Manhattan Hotel's Distressed Debt Pitched
The Manhattan hotel once billed as the “Lullaby of Broadway” is back for a repeat performance as a distress play.
Colony Credit Real Estate is looking to sell a nonperforming $315.2 million package of senior and mezzanine debt backed by the leasehold interest in The Row, a 1,331-room hotel near Times Square that was formerly known as Milford Plaza.
Eastdil Secured is marketing the debt, which can be acquired at a “significant discount” to its face value, according to marketing materials. A buyer could seek to restructure the debt with the property owner — a joint venture between Rockpoint Group and Highgate — or try to take control of the hotel.
Rockpoint, of Boston, and New York-based Highgate picked up the hotel in 2010 for $250 million. The previous owner had shuttered it for renovations, and it remained closed as the recession took hold.
The Rockpoint team carved the property into three components — the hotel, its retail space and the underlying land. In 2013, New York investor David Werner bought the ground for a whopping $325 million. A year later, Thor Equities paid $65 million for the 26,000-square-foot retail condominium, which encompasses a food court and several stores.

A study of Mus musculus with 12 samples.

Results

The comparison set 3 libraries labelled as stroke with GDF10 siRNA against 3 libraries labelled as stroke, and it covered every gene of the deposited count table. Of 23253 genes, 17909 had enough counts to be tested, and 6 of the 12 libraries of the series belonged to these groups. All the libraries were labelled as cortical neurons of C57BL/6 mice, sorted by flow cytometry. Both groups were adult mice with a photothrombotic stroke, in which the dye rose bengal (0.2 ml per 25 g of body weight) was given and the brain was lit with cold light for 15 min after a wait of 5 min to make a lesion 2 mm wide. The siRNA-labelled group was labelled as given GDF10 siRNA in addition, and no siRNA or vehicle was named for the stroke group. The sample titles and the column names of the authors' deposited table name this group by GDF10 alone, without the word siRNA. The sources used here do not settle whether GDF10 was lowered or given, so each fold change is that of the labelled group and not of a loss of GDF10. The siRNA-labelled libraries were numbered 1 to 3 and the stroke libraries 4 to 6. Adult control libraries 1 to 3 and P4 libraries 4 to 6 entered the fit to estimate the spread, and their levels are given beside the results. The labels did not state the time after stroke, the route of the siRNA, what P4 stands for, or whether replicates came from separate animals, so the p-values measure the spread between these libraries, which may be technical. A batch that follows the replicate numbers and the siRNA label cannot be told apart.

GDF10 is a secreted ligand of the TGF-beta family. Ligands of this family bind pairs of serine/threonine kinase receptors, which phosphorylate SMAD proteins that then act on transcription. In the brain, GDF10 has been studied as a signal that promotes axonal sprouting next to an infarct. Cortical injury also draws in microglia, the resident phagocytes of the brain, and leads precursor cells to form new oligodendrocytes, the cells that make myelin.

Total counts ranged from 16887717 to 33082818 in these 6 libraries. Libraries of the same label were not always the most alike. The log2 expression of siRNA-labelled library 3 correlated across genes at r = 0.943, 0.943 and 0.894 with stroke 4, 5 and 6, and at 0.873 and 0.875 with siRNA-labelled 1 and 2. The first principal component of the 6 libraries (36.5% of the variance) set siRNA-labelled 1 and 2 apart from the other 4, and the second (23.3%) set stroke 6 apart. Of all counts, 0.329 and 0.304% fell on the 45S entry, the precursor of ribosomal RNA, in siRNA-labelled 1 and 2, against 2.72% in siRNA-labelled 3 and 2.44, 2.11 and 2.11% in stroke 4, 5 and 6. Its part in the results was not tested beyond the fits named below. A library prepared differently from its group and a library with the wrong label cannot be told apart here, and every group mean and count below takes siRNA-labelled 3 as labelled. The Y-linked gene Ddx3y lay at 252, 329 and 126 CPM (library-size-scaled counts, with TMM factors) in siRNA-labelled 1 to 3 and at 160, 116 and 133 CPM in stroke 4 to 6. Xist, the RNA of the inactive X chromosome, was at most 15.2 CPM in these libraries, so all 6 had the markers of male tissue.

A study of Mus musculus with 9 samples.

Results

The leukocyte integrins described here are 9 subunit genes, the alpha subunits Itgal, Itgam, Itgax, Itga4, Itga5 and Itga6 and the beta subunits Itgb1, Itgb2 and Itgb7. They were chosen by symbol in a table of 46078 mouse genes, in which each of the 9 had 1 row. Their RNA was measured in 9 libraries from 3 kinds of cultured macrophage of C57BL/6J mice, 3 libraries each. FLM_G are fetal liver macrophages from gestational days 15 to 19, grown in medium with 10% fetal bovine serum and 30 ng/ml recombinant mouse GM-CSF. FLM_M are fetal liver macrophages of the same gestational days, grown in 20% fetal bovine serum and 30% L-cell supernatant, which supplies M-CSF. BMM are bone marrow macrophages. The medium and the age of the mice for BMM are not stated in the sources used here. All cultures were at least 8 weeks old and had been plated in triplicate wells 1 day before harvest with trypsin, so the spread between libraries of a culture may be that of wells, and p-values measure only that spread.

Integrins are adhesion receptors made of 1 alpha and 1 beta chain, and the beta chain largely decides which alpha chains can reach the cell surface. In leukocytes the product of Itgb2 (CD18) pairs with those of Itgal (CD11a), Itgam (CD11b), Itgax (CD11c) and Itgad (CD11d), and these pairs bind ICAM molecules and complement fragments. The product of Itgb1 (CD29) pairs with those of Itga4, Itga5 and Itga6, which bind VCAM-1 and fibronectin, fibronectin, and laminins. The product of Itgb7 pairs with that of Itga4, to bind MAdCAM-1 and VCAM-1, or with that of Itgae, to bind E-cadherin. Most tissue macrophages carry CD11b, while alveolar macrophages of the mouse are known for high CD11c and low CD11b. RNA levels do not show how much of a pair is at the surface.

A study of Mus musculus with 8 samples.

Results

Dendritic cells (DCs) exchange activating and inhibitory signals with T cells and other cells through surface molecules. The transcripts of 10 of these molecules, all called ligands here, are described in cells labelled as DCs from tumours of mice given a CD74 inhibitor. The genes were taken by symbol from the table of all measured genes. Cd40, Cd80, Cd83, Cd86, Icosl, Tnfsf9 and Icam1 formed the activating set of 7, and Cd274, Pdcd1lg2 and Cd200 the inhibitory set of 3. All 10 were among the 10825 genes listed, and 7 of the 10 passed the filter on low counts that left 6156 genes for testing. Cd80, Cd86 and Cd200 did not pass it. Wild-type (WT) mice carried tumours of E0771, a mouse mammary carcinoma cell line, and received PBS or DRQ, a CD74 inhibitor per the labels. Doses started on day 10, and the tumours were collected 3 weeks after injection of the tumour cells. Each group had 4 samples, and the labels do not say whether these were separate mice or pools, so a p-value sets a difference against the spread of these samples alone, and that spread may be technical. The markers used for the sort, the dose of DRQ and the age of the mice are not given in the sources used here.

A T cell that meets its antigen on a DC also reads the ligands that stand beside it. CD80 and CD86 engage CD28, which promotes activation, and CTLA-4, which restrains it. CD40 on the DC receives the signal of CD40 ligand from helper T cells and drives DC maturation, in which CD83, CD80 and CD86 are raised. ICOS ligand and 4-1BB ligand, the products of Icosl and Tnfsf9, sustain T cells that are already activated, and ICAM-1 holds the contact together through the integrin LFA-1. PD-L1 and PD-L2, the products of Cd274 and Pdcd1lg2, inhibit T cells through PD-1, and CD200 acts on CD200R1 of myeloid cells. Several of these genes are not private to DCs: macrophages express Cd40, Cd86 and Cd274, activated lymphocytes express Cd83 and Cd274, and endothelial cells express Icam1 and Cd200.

Meanwhile, the Rockpoint team completed a sweeping $160 million renovation of Milford Plaza, with financing from New York REIT NorthStar. Colony inherited the debt when it bought out NorthStar in 2017.
The New York hotel market has struggled recently with a wave of new supply that has dragged down room rates and revenue in four of the last five years. Revenue per available room is projected to drop again this year, according to STR. Hotel owners with hefty debt packages have struggled to balance rising expenses against the dip in revenue.
The Rockpoint team stopped making interest payments in March 2018 and the loan was placed on nonaccrual status, according to Colony’s most recent quarterly filing. The owners attempted to shop the hotel a year ago, with expectations that bids would reach around $200 million, but a sale never materialized.
The hotel is unencumbered by brand and management agreements. It’s subject to a 92-year ground lease, but there are multiple buy-back options starting in 2023.
While The Row is a full-service hotel, the restaurants are separately owned, which makes its operating expenses more akin to a select-service property. Financials were unavailable, but upper-midscale hotels in the Midtown West market were 91.5% occupied in 2019, down from 92.2% the year prior, STR figures show. Rates dropped 3.5% to $187.80/room, which ultimately pushed revenue down 4.2% to $171.75/room.
The 28-story hotel, at 700 Eighth Avenue, has long drawn business from tourists visiting the Theater District. It opened in 1928 as the Lincoln Hotel, and was renamed Milford Plaza in the 1980s by its then-owner, the Milstein family. The hotel was popularized with a series of catchy television commercials featuring the “Lullaby of Broadway” song.